Saturday, July 30, 2011

Grimm's Fairy Tales Have Nothing On My Mother

You might know Grimm's Fairy Tales as the stories that Disney rips off, and adds happy endings to.  In fact, I have no idea why you would actually read a child the original versions of Grimm's Fairy Tales.  It would give them nightmares.  The only reason I can think of doing that would be to teach them that life is not fair, and there's a 99% chance they will die in a very horrible way.

Then there is my Mother.  She puts the Grimm Brothers to shame.  You wouldn't suspect it.  I mean, does this look like an master evil storyteller?

The Story of Little Callie and the Bull (as told to me by my Mother.)

Once, there was a little girl named Callie who helped out on her relatives farm.  This was a dairy farm with lots of cows that produced very good milk.  In the spring one of the cows gave birth to a baby bull.

(Adrian's note: Ok, that picture is a little too real.  I suspect it was more like this.)

(Adrian's note:  Ok, that's better.)  So little Callie decided to take care of this little baby bull.  She combed it's fur.  She scratched it's head where it's horns were starting to grow.  Bulls like for their heads to be scratched where their horns are growing.  It' kind of like a baby teething.  Little Callie loved this bull, and took great care in raising him. 

One day Little Callie got into the pen to take care of her beloved bull.  It was then that the bull violently gored her, and put her up against the pen.

The bull kept goring her, and knocking her around the pen.

Her screams echoed across the farm as her Father ran over to save her.  He grabbed a wooden two by four, and proceeded to beat the bull off of Little Callie.  But the bull did not want to stop it's violent attack.  It kept up it's attack of Little Callie despite the beating it was taking at the hands of Little Callie's Father.  Finally, after taking a few shots to the head from the two by four, the bull backed up enough so that Little Callie's Father could pull her from the pen saving her from certain death.

From that day on, no one could enter that bull's pen or go near that bull.  The older he got, the bigger and meaner he got.  He finally had to be put in a field with no other animals, even other cows.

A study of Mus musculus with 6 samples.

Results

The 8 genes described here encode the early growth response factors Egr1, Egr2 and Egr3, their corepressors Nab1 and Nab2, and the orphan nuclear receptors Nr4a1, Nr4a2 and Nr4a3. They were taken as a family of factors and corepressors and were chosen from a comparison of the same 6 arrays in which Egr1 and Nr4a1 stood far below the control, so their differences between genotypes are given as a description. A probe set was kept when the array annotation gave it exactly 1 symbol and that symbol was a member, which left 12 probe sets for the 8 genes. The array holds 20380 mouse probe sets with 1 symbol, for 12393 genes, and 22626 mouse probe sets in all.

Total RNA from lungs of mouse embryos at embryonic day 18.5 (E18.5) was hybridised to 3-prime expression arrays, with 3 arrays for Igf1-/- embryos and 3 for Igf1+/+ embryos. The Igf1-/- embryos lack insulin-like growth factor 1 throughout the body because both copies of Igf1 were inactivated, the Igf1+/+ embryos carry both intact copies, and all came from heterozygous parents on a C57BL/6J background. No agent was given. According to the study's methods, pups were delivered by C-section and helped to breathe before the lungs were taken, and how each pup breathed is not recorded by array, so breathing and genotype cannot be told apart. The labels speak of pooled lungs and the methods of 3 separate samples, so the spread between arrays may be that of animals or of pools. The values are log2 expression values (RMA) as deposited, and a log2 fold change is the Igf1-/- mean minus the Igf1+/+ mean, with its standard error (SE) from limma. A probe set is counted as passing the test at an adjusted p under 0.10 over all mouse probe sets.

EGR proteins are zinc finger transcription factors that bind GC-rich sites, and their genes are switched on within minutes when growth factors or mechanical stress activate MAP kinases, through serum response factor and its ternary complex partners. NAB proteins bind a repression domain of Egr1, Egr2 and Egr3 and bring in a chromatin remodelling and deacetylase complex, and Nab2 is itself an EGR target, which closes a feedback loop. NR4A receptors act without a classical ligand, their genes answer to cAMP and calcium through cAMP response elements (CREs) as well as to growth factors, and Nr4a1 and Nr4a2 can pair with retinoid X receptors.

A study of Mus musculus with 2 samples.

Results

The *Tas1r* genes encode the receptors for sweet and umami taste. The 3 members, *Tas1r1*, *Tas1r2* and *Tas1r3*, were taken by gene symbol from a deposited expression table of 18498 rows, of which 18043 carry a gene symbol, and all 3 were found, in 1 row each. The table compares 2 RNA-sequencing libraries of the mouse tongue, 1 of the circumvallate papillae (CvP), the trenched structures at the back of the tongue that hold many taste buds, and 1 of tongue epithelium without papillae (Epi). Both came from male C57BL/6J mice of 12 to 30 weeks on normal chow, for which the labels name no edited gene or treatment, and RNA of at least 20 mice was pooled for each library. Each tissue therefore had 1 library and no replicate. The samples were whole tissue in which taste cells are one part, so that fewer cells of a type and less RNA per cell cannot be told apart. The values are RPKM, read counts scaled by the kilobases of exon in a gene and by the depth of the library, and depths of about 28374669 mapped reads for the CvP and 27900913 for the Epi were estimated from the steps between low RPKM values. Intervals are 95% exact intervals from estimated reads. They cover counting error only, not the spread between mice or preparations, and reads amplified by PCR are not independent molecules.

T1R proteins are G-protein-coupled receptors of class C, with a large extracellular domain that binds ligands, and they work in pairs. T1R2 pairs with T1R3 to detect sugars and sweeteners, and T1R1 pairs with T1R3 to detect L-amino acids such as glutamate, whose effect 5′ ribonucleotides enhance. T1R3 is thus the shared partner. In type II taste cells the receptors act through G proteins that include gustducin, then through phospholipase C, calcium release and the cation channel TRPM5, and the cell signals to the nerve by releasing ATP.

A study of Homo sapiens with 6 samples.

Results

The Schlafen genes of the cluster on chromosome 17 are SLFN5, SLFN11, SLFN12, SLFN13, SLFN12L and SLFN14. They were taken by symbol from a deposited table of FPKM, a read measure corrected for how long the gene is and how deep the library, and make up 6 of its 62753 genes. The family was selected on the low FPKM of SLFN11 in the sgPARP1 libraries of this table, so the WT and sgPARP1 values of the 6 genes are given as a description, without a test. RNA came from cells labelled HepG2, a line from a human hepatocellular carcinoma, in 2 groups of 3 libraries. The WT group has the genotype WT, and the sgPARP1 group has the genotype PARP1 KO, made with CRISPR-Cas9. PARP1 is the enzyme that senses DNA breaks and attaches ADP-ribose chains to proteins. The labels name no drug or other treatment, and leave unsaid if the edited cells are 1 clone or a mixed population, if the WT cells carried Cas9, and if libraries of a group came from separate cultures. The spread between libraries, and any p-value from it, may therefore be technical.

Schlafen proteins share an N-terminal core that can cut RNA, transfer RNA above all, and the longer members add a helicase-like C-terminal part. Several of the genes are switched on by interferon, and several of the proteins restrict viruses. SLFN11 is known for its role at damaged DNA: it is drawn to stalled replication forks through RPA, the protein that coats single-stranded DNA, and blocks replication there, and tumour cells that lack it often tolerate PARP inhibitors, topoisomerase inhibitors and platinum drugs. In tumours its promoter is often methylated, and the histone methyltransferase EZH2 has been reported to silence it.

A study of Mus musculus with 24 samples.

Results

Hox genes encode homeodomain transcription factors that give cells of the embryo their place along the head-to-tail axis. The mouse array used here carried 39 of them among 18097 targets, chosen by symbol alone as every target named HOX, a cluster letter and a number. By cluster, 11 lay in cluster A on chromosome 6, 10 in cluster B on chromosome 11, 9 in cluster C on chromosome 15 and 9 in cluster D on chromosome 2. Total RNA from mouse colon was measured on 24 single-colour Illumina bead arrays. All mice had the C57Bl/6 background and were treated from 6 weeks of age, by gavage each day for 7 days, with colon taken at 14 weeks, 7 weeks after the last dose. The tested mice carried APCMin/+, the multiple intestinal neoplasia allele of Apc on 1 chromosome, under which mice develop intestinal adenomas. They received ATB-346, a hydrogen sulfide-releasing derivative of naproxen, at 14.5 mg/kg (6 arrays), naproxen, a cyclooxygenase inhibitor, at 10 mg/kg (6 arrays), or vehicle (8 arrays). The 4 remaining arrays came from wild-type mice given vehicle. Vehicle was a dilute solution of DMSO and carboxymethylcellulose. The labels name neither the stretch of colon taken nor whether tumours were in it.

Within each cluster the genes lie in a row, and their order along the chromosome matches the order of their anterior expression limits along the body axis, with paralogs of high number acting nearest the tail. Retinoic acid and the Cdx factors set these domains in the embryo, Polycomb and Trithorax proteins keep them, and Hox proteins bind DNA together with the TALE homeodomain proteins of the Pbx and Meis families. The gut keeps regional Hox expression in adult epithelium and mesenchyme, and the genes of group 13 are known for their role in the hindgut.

Eventually he had to be sold as there was no way to approach him, or let him near other animals.

The moral of this story?  Things that you raise with love in your heart will eventually try to kill you.  Yep, that sounds like a German Fairy Tale to me.  Which is funny because my Mom is very German.

But let's talk about the aftermath.  I was only six and my sister was only three when my Mom told us this story.  My jaw was on the ground, and my sister's jaw was open so wide she looked like she was catching flies.  And then it started.  The waterworks.

Really, you can't tell a child that kind of story, and not expect it to traumatize them for the rest of their life.  I mean, I'm 34, and I still remember this story from when I was six.  What does that say?

The Story of Callie and Jenny.

Once upon a time there was a girl named Little Callie who was in the second grade.  She had a best friend named Jenny.  They would spend all day together in school, and then spend their afternoon and weekends playing.  They were the best of friends.

Then one day, out of nowhere, Jenny moved away.  Little Callie never saw her best friend ever again, and to this day doesn't know what happened to her.  Little Callie had no friends to play with the rest of second grade.  She was lonely, and no one would play with her the rest of the year.  The end.

The moral of this story?  Your best friend(s) will be taken from you, and you won't know why.  You will be lonely, and no one will play with you no matter how many Transformers/ G.I. Joe's you have.  Also, second grade is seriously going to suck.

(Adrian's note:  Really Mom, what were you thinking telling children that kind of story?  I was terrified of second grade.)  You know what happened after that?  You guessed it.

And then there is my Dad.  He has a different take on evil story telling.  You wouldn't think so.  Really, look at this picture:

He looks like a nice enough Dad, but he was also an evil storyteller.  One night as he was tucking me into bed I asked him why in the cartoons parents always told their children bedtimes stories, but he never told me any?  So he asked me, "Oh, so you want a to hear a bedtime story?"

The Story of Johnny and His Very Bad Son (as told to me by my Father with an evil smile on his face.)

Once upon a time there was a very bad little boy named Adrian.  He would come up behind his Daddy while his Daddy was watching the football game and bite him.  He was a very bad little boy, as his Daddy was just quietly wanting to watch the football game.  His Daddy had done nothing to deserve this kind of treatment. 

The story kind of ended there as I was yelling, "No!" the whole time.  For being so hurt my Dad kind of had an evil grin his face the whole time he was telling the story.

Moral of this story:  Never ask your Dad for a bedtime story if he is a complete smartass.